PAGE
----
Human body has 0.2 milligrams of gold
Average human body has 0.2 milligrams of gold.
The metal gold needs no introduction to you. It is a chemical element with atomic number 79.It is one of the highly sought after metal thanks to its use in coinage jewelry and so on it has been widely used as a vehicle for monetary exchange.
Gold is present in human body. It is a fact, an average human body (having 70kg weight) consist of about 0.2 mg of gold or 0.000021 pounds of gold.
Is there any function for gold in our body? Yes it has, gold plays a role in the maintenance of joins and also helps in transmitting electrical signals throughout the body.
The amount of gold present is very minute when compared to other elements like Oxygen (65Kg), Carbon (16Kg) etc
A rare 19th century 55-carat diamond, once part of the Russian Crown Jewels has gone on temporary view at New York’s American Museum of Natural History on Central Park West. The Diamond gets its name from the Kimberley mine in South Africa where it was found before 1868. It has also been described as a “cape diamond,” an Old World term meaning “deep color.”
The Kimberley Diamond went through a number of transformations during its 145-year history. It was cut from a 490-carat crystal into a 70-carat gem in 1921. The original diamond was fairly large, but there aren’t many descriptions of it, so its history isn’t well-known.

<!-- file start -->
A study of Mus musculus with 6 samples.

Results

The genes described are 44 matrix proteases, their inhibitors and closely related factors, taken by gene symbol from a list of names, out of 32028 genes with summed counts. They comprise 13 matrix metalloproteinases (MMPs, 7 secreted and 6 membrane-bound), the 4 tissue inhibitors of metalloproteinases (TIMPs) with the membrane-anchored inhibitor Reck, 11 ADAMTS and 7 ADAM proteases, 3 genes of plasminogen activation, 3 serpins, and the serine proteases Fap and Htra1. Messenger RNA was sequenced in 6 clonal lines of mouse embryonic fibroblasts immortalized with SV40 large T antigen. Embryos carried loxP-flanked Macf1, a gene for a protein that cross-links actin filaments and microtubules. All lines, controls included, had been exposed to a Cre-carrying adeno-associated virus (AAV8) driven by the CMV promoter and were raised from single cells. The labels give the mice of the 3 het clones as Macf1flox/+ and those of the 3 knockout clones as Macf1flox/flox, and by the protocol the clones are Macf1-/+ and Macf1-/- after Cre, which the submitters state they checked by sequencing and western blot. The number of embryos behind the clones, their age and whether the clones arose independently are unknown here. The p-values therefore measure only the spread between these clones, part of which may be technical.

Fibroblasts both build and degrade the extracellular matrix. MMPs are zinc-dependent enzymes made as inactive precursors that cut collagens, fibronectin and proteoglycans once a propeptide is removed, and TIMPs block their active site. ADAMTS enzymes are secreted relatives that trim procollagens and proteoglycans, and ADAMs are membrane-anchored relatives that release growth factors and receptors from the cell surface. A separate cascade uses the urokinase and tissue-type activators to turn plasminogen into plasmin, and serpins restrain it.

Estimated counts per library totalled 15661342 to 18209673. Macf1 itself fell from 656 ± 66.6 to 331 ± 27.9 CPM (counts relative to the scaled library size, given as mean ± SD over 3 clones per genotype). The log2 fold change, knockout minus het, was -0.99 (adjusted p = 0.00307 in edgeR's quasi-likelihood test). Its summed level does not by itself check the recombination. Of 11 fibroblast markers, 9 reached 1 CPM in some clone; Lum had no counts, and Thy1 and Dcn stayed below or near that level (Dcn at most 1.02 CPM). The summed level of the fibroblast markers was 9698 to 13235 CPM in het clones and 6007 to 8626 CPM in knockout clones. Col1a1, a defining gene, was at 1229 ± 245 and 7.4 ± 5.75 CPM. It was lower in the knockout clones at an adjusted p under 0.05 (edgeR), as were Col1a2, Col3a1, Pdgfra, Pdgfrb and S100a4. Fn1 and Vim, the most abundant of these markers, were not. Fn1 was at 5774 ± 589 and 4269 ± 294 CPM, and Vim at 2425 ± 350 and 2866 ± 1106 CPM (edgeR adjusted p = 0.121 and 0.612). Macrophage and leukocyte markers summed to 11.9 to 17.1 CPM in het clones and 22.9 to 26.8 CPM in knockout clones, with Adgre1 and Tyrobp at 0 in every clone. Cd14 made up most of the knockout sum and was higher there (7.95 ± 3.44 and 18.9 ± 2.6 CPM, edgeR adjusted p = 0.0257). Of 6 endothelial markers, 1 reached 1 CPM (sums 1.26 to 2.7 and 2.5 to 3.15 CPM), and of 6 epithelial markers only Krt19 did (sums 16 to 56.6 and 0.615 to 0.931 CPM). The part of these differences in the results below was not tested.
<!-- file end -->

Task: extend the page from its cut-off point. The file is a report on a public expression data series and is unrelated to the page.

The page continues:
To improve its brilliance and proportions, the diamond was re-cut to its present form in 1958 by renowned New York City Fifth Avenue jewelers the Baumgold Bros. The rectangular diamond is about 1.25 inches in length and virtually flawless.
by renowned New York City Fifth Avenue jewelers the Baumgold Bros. – See more at: http://www.peleddiamonds.com/blog/dazzling-colored-diamond-on-display-in-nyc/#sthash.i7xYx6zL.dpuf
The diamond was then sold to Bruce F. Stuart, great-grandson of Carnation Company founder Elbridge Amos Stuart, in 1971. Over the years, the precious diamond was transferred to the Bruce F. Stuart Trust, which still owns it. The stone is on loan from the Bruce F. Stuart Trust, said exhibit curator George Harlow.